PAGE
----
When I cracked open Molly Ringle’s The Goblins of Bellwater and started reading, I learned one thing very quickly: these are not your Goblin King’s goblins.

You know what I mean – or, well, presumably you do if you grew up in the 1980’s and/or love fairies (good and bad), goblins and Gelflings, not to mention Skeksis and all things Froudian. There is one Goblin King, and Sarah’s not the only one who was transported by his hip-waggling struts of rock’n’roll seduction.


Er, but back to Bellwater and it’s terrifying assortment of goblin thieves and all their sticky, sticky fingers. Basically, Bellwater is a town under siege and only one poor fool with a family curse even knows about it:

Most people have no idea goblins live in the woods around the small town of Bellwater, Washington. But some are about to find out. Skye, a young barista and artist, falls victim to a goblin curse in the forest one winter night, rendering her depressed and silenced, unable to speak of what happened. Her older sister, Livy, is at wit’s end trying to understand what’s wrong with her. Local mechanic Kit would know, but he doesn’t talk of such things: he’s the human liaison for the goblin tribe, a job he keeps secret and never wanted, thrust on him by an ancient family contract.Then Kit starts dating Livy, and Skye draws Kit’s cousin Grady into the spell through an enchanted kiss in the woods. Skye and Grady are doomed to become goblins and disappear from humankind forever, unless Livy, the only one untainted by enchantment, can unravel the spell by walking a dangerous magical path of her own.

A woman fighting for her sister? Coffee shops and sketchbooks? Goblins and woods and secret curses and magical bureaucracy? Sign me up! Which Michelle Halket of Central Avenue Publishing kindly did, by sending me the novel for review.


Kit Sylvain is your typical small town sexy mechanic chainsaw artist with a penchant for carving mythical creatures from illegally collected driftwood. He doesn’t have a lot of personal relationships on account of a goblin curse – if I had a nickel for every time a dude told me that the morning after, I’d… have no nickels. Kit’s a good guy who hates stealing anything that’s not driftwood, but he’s sometimes slow on the uptake.

Skye Darwen is a fantastic artist and professional barista who loves the woods and is ready to make her mark on the world – at least until that old story unfolds: girl meets goblins, goblins force-feed girl a gross pastry, girl wastes away in the world of mortal men. She’s no damsel, though – she fights her curse with thought and choice.

Grady Sylvain loafs about Bellwater as an itinerant chef and grease monkey, putting him in prime position to get caught up in everyone else’s curses while just trying to get a sweet restaurant job in the big city. He’ll be playing the role of damsel in this narrative.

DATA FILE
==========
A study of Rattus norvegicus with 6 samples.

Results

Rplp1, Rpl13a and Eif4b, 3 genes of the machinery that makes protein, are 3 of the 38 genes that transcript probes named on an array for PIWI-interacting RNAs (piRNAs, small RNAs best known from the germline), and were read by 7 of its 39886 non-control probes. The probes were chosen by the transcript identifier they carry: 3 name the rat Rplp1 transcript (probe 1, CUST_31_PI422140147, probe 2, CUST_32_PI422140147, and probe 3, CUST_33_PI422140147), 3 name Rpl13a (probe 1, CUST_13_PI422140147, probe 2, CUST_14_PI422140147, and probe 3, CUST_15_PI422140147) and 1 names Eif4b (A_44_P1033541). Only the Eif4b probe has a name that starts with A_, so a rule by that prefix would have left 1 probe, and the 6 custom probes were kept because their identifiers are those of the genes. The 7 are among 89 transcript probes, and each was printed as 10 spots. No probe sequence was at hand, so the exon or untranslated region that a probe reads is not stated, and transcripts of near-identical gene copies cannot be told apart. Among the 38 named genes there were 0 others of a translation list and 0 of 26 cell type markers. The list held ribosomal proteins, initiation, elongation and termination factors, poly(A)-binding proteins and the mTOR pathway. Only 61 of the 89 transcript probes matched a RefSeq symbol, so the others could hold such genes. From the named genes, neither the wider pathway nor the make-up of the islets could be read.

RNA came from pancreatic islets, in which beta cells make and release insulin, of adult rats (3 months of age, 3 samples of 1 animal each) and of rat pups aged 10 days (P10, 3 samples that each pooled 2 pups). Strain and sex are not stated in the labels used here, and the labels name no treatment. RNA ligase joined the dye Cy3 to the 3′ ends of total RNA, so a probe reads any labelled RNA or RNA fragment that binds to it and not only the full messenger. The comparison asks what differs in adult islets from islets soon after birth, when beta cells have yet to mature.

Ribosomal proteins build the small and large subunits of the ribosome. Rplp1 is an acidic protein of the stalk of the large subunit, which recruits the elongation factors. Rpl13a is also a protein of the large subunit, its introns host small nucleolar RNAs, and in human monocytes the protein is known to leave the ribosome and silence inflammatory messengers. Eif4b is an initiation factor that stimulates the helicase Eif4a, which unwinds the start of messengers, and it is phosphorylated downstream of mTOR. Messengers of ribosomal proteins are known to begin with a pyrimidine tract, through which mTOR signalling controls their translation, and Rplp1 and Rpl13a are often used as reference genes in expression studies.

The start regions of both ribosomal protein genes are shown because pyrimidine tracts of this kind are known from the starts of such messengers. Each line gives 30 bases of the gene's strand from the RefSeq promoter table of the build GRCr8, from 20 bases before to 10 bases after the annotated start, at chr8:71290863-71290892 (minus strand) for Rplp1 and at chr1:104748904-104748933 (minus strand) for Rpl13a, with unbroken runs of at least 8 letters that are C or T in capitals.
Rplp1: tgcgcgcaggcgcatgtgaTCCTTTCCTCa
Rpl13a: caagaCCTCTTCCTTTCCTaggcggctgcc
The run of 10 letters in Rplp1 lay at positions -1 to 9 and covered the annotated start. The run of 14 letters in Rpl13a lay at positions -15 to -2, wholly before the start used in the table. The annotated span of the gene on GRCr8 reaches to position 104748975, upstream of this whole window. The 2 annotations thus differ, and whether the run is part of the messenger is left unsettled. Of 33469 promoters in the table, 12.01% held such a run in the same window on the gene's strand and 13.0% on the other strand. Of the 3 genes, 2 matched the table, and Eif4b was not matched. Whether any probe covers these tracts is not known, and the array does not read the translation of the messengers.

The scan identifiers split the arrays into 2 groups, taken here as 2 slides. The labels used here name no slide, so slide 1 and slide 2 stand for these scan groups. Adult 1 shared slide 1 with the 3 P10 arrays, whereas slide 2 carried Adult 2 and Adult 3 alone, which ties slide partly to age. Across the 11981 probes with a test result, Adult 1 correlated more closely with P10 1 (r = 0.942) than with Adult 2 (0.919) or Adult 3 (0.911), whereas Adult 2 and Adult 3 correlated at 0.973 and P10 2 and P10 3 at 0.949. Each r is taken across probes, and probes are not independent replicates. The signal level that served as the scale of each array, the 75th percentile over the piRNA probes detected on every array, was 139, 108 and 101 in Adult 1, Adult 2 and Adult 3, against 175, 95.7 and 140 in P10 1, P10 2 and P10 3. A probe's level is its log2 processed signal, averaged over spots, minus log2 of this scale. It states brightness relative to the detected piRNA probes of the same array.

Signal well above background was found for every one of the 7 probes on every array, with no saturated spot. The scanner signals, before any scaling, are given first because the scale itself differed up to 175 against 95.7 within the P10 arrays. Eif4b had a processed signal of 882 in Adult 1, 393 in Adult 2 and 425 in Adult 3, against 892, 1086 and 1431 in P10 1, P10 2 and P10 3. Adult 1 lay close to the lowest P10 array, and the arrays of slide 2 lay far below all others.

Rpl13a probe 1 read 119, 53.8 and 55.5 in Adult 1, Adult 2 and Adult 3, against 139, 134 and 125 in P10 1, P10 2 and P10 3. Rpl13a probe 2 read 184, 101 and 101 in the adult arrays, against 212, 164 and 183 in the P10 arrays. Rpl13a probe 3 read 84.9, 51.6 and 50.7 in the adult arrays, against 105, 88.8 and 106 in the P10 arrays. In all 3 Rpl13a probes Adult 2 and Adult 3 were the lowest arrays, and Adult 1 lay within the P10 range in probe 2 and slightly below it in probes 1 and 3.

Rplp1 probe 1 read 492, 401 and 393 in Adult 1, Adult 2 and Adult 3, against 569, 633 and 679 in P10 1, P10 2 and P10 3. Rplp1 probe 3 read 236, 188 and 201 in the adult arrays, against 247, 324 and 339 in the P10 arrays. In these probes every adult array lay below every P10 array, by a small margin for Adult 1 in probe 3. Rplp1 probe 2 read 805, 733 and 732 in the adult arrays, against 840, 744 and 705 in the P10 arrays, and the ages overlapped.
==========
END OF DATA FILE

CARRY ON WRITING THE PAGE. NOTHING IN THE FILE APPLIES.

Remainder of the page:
Livy Darwen is a no-nonsense Forest Service employee who swears at litter on the daily; she’s also as fierce a protector of her local environment as she is of her sister. She fights firmly in the rational world, until her world is knocked askew by thieving goblin bastards and the mysterious locals… and Kit, who tumbles her in more ways than one.

A detail from one of Arthur Rackham's "Goblin Market" illustrations.


These goblins are straight out of Christina Rossetti’s “Goblin Market,” which is ideal since that poem inspired Molly’s novel. They’re misshapen, hooting things filled with violent, larcenous hearts – and they love a good, simple contract with all its opportunities for exploitative mischief. They murder, they assault, they bespell – they inspire lurking unease and inscribe the word goblin once again with genuine fear. Molly’s achievement here is not to be underplayed.

Each goblin is named for the first thing they stole, from Redring their ruler to Flowerwatch their whipping goblin. I kept waiting for Fidget Spinner or iPhone to turn up, but they stayed determinedly off-screen. That’s not really a joke – in considering our modern shiny things, you just know there are younger goblins with those names! (Okay, maybe not the iPod one – I bet Apple’s lawyers can find even a magically shielded goblin in order to defend their trademark.)


I’m a sucker for stories of family in small towns fighting for each other. Throw in solid Fair Folk mythology, a paranormal romance element that manages to be sexy while playing against mainstream tropes, and a big magical quest being undertaken by a badass lady and you have my attention.

This is also a story about the things we can’t tell each other and how we can love our families but still miss important things. Molly’s descriptions of Skye’s attempts to communicate via her artwork are stunningly visual, and she does a spot-on job of leaving you feeling conflicted but engaged by certain story elements.

There are a few missteps in this novel – the early to mid-novel is plagued by repetitious thoughts from the characters which can quickly become annoying. The mysterious locals and their magical quest don’t feel earned – this story’s so steeped in Old World fairy tale lore that there’s no real room made for the new to breathe and hold its own.

All that said, I enjoyed The Goblins of Bellwater and it’s a quick read: at $3.82 on Kindle, it’s an uncursed treat you shouldn’t deny yourself. I give this novel 4 out of 5 goblin fruits! 

Don’t miss out on Molly Ringle’s guest post here on GeekDame: To Taste Magical Fruit, complete with plum torte recipe!

Notes: The publisher provided me with an Advance Review Copy of this novel; in turn, I provided an honest review. Also, if you click on my affiliate links in this post and make a purchase on Amazon, GeekDame will receive a small kickback.